WASHINGTON -- Credit unions will see a temporary increase in deposit insurance coverage and be able to sell their troubled assets to the government under the bill passed 74-25 by the Senate last Wednesday.
The measure increases the amount of federally insured credit union and bank deposits covered by federal insurance from $100,000 to $250,000 through the end of 2009.
Credit unions won't be assessed a higher premium for the additional coverage. Instead, the NCUSIF will see an increase in its line of credit from the Treasury Department.
Increasing the amount of money that is insured was a vehicle to pick up more support for the $700 billion plan to authorize the government to buy the troubled assets from credit unions, banks and thrifts, as well as to increase consumer confidence. The recent publicity on bank, thrift and credit union closings has caused an increase in calls to the NCUA and local credit unions from consumers who are concerned about the safety of their deposits.
Although the NCUA administers the share insurance fund, only Congress can change the amount covered by it this year; under the Federal Deposit Insurance Reform Act of 2005, FDIC and NCUA were given authority to adjust the coverage levels based on inflation every five years.
At press time, the House--which had defeated a previous version of the bill four days before--was scheduled to take up the Senate-passed version on Friday.
Giving credit unions parity with other financial institutions was a top priority for recently sworn in NCUA Chairman Michael E. Fryzel. He spoke to lawmakers and their aides in person and by phone and was successful in one of his first major lobbying efforts on Capitol Hill. Fryzel also previously persuaded lawmakers to lift the cap on the central liquidity facility.
"Increasing federal insurance coverage for credit union members would send an important signal of reassurance at a time when confidence in depository institutions generally has been compromised by market events," Fryzel said.
CUNA and NAFCU also lobbied hard on the increase, including sending letters to lawmakers reminding them that most credit unions did not engage in the practices that caused the current financial crisis.
CUNA President/CEO Dan Mica urged President Bush and all lawmakers to include a provision allowing risk-based capital for credit unions. He said the approach "would help credit unions better manage unexpected circumstances." However, the provision was not included in either the House or Senate version.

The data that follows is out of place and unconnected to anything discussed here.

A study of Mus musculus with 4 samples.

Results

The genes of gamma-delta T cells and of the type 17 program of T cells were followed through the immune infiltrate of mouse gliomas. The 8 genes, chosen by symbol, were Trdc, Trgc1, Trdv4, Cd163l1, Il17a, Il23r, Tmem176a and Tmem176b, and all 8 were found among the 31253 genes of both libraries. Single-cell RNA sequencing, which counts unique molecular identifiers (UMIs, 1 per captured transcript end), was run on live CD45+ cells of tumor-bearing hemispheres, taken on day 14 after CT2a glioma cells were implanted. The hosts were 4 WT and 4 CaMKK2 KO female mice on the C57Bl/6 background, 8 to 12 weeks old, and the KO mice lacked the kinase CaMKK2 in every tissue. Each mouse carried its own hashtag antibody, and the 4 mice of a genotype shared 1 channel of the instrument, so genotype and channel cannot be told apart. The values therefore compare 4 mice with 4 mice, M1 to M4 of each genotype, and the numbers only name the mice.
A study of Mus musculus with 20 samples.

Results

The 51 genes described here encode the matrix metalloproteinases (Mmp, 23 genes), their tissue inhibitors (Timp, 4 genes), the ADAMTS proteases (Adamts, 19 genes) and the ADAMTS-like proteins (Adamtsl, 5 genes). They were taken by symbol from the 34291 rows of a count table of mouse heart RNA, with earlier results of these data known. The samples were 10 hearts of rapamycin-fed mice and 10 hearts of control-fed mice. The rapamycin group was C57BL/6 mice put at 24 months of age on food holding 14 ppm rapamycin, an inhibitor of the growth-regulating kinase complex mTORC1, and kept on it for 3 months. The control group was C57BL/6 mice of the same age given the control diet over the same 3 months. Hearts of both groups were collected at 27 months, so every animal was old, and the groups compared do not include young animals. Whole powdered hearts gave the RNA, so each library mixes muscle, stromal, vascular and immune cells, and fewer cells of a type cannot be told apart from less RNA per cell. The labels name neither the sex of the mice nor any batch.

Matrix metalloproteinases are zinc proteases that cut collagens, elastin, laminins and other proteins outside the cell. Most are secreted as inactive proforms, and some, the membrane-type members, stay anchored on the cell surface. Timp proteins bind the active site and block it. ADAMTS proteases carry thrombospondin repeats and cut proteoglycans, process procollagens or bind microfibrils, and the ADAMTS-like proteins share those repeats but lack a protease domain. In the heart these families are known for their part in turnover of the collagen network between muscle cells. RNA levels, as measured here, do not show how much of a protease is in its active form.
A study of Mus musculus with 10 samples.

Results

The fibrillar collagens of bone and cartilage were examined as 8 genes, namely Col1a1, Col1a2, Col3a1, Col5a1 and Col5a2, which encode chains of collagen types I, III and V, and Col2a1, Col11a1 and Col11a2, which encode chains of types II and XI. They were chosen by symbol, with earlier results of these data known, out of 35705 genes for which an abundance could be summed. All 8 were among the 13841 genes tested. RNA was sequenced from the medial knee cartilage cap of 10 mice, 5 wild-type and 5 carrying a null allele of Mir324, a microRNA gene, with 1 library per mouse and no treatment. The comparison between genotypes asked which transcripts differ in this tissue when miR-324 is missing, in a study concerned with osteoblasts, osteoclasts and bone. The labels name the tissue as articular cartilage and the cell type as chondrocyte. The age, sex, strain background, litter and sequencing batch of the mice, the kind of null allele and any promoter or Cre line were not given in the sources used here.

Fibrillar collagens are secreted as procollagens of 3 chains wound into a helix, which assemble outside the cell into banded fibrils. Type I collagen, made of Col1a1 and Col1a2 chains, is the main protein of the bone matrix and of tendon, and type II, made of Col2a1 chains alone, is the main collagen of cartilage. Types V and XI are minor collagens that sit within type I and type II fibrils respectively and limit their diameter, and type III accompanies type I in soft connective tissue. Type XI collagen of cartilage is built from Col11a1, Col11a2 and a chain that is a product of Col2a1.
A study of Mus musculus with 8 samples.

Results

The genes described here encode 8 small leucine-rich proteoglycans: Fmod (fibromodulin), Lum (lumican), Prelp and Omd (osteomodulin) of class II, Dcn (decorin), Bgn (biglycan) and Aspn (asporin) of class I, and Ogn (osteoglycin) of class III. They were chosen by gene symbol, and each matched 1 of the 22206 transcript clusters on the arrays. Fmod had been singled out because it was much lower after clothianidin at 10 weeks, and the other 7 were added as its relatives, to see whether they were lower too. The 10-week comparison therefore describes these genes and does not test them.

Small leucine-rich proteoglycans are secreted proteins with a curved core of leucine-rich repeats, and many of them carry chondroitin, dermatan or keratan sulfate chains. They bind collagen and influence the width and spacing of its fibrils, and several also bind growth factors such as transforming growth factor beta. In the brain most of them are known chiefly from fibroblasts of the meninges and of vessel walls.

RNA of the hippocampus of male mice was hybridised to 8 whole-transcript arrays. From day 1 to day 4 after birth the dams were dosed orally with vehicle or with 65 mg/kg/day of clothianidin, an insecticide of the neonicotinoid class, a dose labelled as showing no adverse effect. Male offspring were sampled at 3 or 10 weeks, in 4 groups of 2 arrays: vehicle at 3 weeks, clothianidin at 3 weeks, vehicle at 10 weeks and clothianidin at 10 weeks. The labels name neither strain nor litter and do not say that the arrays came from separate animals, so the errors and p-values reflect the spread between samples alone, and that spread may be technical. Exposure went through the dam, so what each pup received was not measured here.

NAFCU President/CEO Fred Becker wrote lawmakers that the deposit insurance increase would "be an important step that can be taken as part of an economic stabilization plan to increase confidence in a time of crisis."
The fund to allow the government to purchase illiquid assets--the centerpiece of the legislation--was pitched by the Bush administration as the most efficient way to help troubled financial institutions get more capital so they could increase lending. But after a coalition of conservative Republicans and liberal Democrats helped torpedo the legislation in the House, senators added $150 billion worth of tax incentives to the measure so it would be more palatable to members, especially those facing re-election next month. All 435 U.S. House seats are up, as are 35 Senate seats.
Credit unions and banks obtained another of their wishes when lawmakers gave the Securities and Exchange Commission the ability to suspend an accounting practice that values assets at their current price, rather than at the price originally paid for them. The former is called mark-to-market accounting.
The possible changes in the amounts covered by deposit insurance come at a time when the NCUA and trade associations have been redoubling their efforts to reassure credit union members about the safety of their deposits.
The NCUA has sent color posters to each federally insured credit union to display including one with Uncle Sam pointing at the viewer and saying "This credit union is federally insured." Fryzel also sent a video to all credit unions urging their CEOs to reassure members about the safety of their deposits and to make use of all of NCUA's resources on the subject.
CUNA posted a video on its Web site (www.cuna.org) in which Mica explains the deposit insurance system and it issued a sound bite to radio stations across the country saying that almost all credit unions have federal insurance.
NAFCU has been including information about the coverage levels in all of its correspondence with members. The trade association has been urging member credit unions to have their members write to lawmakers to ensure that credit unions receive the same treatment as banks.